A coroner has found serious failings at the Bay of Plenty District Health Board that contributed to two deaths.
Coroner Wallace Bain today released his findings into the deaths of Ian Donald McLeod, 66, and Marlene Joan Strongman, 78, in 2012 and 2010 respectively.
Both had been in the care of the board, and the coroner said the poor level of care they received "contributed significantly to the deaths".
"Both deaths also establish there were significant deficiencies in the manner in which the Bay of Plenty District Health Board communicated with the families," he said.
McLeod died of acute pneumonia and chest infection at the Waipuna Hospice in October 2012.
He had been receiving treatment for non-Hodgkin's lymphoma since 2005 and rectal cancer from 2011.
He had a portacath inserted in 2011 at Tauranga Hospital that was used to infuse drugs and fluids during chemotherapy.
At some point before July 4, 2012, X-rays showed the portacath had shifted into a dangerous position where the chemotherapy drug was being administered directly into his lung.
The coroner said the significance of this shift was not appreciated by the radiologist or by the clinicians treating McLeod.
"That disconnect between the clinical picture and the radiology imaging led, in the court's view, to the catastrophic delivery of chemotherapy into his trachea," he said.
By September 21, 2012, McLeod had been coughing up blood for weeks.
He had another dramatic coughing fit that night and lost consciousnesses.
He was cared for at home before being transferred to the hospice, where he died on October 1, 2012.
Tauranga Hospital failed in five areas, including a failing to appreciate the severity of McLeod's condition on September 19, 2012, and a lack of communication between emergency radiology and oncology departments, the coroner said.
The family asked the hospital and health board to make changes after his death, but the hospital failed to acknowledge the failings in his care and change its protocols, he said.
Strongman died of a hypoxic brain injury secondary to aspiration pneumonia on June 23, 2010, at Tauranga Hospital, the coroner found.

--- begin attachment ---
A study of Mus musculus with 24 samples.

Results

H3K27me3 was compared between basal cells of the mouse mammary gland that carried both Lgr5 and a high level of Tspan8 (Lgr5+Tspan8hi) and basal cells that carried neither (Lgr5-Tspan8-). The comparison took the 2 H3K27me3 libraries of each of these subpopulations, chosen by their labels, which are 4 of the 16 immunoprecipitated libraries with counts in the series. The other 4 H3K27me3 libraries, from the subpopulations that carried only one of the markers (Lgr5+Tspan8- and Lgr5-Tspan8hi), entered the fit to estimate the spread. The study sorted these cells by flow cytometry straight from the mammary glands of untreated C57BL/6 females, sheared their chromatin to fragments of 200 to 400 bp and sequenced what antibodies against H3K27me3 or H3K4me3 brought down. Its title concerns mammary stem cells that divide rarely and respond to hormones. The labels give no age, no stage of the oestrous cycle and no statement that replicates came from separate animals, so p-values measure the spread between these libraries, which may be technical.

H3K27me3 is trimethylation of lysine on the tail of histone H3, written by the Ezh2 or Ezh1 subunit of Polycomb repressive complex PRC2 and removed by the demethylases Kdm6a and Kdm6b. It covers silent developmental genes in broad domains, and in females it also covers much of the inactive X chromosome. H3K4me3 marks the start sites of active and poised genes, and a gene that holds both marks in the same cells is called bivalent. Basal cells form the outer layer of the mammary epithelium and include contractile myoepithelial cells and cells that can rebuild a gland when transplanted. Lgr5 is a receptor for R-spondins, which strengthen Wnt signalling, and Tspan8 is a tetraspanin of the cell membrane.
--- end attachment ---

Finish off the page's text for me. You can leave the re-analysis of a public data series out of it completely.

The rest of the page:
She was admitted a week before with a cough, vomiting, dehydration, irregular pulse and a 5-centimetre lump in her groin after referral by her GP.
A junior registrar diagnosed her with an abdominal malignancy, but this was not reviewed for 27 hours while she continued to vomit and her breathing deteriorated significantly.
She rapidly deteriorated and died from a severe brain injury suffered during a cardiac arrest, the coroner said.
"If there had been appropriate interventions, then [she] would still be alive," he said.
Her care had already been the subject of a damning Health and Disability Commissioner (HDC) report and was also the subject of an ACC claim.
Poor record-keeping, inconsistent and flawed clinical handover processes by medical staff involved and a failure to diagnose an abdominal hernia with bowel obstruction resulted in breaches of the Code of Health and Disability Services Consumers' Rights, the report said.
Strongman's daughter, Queenstown lawyer Jane Taylor, said in her submission to the inquest that the attitude and communication of the health board after her mother's death had been "beyond comprehension".
She said the board never undertook an independent review of her mother's death, and it was up to her family to do so.
"We are also very concerned that the DHB failed to carry out an independent review of Mum's care – rather, a physician employed by the hospital was instructed to do so," she said.
"The internal report ... was lightweight at best and contained many factual inaccuracies."
The coroner agreed with the HDC findings.
He endorsed the HDC recommendations and made further recommendations, including the need for the health board to urgently address the significant deficiencies in the manner in which it had communicated with the families.
"Sadly, this inquest again established that the family of Mrs Strongman were appalled at the way they had been treated by the BOPDHB and their lack of appropriate response to the HDC recommendations," the coroner said.
"They felt the HDC recommendations had not been implemented and they were concerned at the tardiness in response to the recommendations."
The board acknowledged its deficiencies at the inquests and said it had taken significant remedial action to try to ensure such incidents did not happen again.